A similar version of this article appeared in the September 18, 2008 issue of EDN
You can easily add margining capability to a DC/DC converter (digital adjustment of the output voltage) by making a single connection to the existing circuit as shown by the dotted line in Figure 1
. The extra IC is a 2- or 4-channel, I²C-adjustable current DAC (DS4402
). Because each DAC output is 0mA at power up, the extra circuitry is essentially transparent to the system until a command is written via the I²C bus.
Figure 1. Circuitry on the right, added to the feedback input of a DC/DC converter, adds margining capability to the converter.
As an example, assume VIN
= 3V to 5.5V, VOUT
= 1.8V (the desired nominal output voltage), and VFB
= 0.6V (not to be confused with VREF
of the DS4404). You can obtain the VFB
value from the DC/DC converter datasheet, being sure to verify that it is within the OUTx voltage range specified in the current DAC datasheet (specified as VOUT:SINK
depending on whether you are sinking or sourcing current). It's also important to verify the input impedance of the DC/DC converter's FB pin (the circuit shown assumes a high impedance).
Assume we want to add a ±20% margining capability to the DC/DC converter output (VOUT
VOUTMAX = 2.16V
VOUTNOM = 1.8V
VOUTMIN = 1.44V
First, determine the necessary relationship between RTOP
that yields the nominal output (VOUTNOM
) when IDS4404
Solving for RTOP
For our example,
The current (IDS4404
) required to make VOUT
increase to VOUTMAX
is derived by summing currents at the FB node:
This equation can be simplified by solving Equation 1 for RBOTTOM
and substituting, which yields:
In terms of margin percentage:
where margin = 0.2, to implement ±20% margining in this case. Before you can use this relationship to calculate RTOP
, you must select the full-scale current IFS
According to the DS4404 datasheet, the full-scale current (specified as IOUT:SINK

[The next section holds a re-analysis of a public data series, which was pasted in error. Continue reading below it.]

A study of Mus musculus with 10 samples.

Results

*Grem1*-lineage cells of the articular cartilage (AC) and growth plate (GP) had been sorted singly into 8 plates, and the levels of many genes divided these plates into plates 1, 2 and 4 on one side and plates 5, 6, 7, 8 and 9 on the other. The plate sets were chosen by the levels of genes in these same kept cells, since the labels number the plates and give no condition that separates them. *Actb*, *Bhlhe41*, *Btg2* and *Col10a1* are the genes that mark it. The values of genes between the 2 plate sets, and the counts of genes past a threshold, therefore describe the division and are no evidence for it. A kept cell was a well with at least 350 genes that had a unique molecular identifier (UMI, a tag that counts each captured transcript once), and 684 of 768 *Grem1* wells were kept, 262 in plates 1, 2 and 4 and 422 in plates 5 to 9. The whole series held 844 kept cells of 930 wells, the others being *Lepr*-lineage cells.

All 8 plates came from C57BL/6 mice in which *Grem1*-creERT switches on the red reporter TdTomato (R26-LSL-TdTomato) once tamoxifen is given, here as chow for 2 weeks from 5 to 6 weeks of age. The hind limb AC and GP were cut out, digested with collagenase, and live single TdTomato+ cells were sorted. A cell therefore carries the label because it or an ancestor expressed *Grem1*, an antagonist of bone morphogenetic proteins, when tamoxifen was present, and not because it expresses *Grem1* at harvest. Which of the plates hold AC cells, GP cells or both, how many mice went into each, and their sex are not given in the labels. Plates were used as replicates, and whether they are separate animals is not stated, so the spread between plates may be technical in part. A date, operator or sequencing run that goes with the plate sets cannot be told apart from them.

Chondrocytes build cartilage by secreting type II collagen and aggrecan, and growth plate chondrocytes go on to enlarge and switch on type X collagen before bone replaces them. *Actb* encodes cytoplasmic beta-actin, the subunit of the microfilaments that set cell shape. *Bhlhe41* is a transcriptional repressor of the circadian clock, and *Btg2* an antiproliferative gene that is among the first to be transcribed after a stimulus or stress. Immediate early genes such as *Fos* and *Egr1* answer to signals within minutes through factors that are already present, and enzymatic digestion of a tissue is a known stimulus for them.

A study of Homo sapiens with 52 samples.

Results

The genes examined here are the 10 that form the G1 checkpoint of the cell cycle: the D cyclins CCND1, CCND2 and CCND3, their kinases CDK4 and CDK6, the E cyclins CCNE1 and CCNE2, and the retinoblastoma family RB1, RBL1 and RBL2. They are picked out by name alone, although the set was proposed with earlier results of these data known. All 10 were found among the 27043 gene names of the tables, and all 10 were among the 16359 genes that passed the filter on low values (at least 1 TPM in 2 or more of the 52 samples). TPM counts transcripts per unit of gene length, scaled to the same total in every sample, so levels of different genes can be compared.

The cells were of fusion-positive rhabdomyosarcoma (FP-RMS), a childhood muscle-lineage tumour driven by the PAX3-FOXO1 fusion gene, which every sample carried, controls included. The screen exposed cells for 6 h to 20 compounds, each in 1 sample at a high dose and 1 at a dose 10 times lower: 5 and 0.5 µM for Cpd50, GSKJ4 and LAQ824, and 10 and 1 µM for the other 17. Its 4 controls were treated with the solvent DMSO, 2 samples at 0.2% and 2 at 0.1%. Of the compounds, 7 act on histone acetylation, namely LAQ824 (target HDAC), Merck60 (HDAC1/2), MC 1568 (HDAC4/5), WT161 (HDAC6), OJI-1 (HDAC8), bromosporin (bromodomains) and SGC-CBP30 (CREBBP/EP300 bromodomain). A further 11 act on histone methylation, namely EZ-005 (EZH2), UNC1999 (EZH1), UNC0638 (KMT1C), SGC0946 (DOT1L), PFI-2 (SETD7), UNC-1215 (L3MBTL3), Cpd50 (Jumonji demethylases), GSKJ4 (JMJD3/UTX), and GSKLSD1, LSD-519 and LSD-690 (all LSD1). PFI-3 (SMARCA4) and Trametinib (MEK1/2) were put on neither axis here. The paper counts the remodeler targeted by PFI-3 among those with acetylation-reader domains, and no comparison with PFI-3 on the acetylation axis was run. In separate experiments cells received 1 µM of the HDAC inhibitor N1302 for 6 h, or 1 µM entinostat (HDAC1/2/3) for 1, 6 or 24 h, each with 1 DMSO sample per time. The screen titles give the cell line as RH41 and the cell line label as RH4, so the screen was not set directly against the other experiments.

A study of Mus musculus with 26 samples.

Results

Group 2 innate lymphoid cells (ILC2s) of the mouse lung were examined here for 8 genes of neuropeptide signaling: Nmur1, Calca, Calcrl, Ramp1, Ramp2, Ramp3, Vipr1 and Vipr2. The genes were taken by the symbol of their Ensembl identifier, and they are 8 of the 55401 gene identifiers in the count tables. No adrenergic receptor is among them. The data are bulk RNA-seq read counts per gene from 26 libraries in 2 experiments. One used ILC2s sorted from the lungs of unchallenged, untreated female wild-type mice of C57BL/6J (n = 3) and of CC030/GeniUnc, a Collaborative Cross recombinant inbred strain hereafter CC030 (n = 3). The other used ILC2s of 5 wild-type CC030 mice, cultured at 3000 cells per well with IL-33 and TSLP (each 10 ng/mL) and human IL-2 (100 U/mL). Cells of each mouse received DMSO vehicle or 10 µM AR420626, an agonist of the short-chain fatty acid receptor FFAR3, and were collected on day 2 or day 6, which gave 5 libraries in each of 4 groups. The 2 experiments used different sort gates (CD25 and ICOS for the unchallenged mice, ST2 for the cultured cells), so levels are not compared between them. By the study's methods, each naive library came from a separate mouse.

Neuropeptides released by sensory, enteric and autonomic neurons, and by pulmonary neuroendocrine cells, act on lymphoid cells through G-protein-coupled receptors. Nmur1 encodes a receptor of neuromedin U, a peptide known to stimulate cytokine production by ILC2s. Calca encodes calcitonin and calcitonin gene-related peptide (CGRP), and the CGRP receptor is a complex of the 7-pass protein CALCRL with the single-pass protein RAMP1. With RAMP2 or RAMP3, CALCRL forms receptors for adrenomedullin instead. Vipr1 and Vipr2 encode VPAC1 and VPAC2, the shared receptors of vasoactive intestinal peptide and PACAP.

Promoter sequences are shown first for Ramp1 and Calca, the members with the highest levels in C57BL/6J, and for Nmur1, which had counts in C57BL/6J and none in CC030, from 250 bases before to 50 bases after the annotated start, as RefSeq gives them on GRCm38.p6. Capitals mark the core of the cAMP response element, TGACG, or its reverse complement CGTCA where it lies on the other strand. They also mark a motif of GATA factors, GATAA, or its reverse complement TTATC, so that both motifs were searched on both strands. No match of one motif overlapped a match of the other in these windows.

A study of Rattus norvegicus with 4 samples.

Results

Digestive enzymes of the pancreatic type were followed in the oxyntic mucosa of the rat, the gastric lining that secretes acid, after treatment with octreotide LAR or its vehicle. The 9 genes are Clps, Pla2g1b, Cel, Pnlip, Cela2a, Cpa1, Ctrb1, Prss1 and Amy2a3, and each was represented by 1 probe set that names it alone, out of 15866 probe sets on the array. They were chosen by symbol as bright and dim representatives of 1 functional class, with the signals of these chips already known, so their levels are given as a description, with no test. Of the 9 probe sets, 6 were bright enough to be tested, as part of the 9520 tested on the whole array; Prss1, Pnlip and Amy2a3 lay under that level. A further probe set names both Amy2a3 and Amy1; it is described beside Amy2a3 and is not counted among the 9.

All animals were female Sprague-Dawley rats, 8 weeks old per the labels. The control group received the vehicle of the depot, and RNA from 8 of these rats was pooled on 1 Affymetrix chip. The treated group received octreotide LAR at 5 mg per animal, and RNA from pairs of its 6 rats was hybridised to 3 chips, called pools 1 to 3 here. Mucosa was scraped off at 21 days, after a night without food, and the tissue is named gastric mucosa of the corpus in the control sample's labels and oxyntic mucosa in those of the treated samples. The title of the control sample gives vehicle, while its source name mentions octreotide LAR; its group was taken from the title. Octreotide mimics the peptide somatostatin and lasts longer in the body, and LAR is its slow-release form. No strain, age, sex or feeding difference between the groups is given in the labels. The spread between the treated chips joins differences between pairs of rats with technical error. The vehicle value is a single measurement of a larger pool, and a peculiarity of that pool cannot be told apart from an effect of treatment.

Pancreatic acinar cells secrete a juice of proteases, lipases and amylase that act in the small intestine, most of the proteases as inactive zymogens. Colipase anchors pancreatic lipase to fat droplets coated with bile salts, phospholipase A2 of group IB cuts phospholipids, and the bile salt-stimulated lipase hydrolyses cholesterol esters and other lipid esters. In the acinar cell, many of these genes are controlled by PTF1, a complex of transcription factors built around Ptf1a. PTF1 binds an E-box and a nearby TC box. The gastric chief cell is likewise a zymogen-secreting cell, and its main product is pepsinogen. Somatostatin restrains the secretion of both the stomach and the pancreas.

) must be between 0.5mA and 2.0mA, to guarantee the specifications for accuracy and linearity. Unfortunately, no formula is available for calculating the ideal full-scale current. That value is influenced by the desired number of steps, the step size, and the values for RTOP
. Another factor affecting the full-scale current value would be the requirement that a particular register setting correspond to a particular margin percentage.
In any case, your selection of a full-scale current will likely require several iterations, in which you select an arbitrary value (within the range), and then calculate RTOP
, and step size. When you've determined an acceptable full-scale current value, you may want to further adjust it (or some of the resistor values) to ensure that the resistor values finally specified are commonly available.
To calculate RTOP
for the original example, we choose IFS = IDS4404, which gives us 31 equal increments (steps) from VOUTNOM
, as well as 31 steps from VOUTNOM
. This resolution is more than adequate for our example.
We could, for instance, begin by arbitrarily choosing IFS
in the center (1.25mA) of the specified range, and then performing all the calculations. Instead, for illustrative purposes we perform calculations for the endpoints of the range (0.5mA, 2.0mA).
So, for IFS
Using Equation 3 and solving for RTOP
To calculate RFS
, use the formula in the DS4404 datasheet plus the VREF
value also found in that datasheet:
Finally, for completeness we determine the DS4404 output current as a function of register setting:
(register setting) = step size × register setting.
Note that the register setting above does not include the sign bit, which is used to select sink or source. The DS4404 sinks current when the sign bit = 0, making VOUT
increase to VOUTMAX
. It sources current when the sign bit = 1, making VOUT
decrease towards VOUTMIN
for the two cases (IFS
= 0.5mA vs. 2.0mA), you can see that IFS
= 0.5mA is more attractive because the resistances are higher.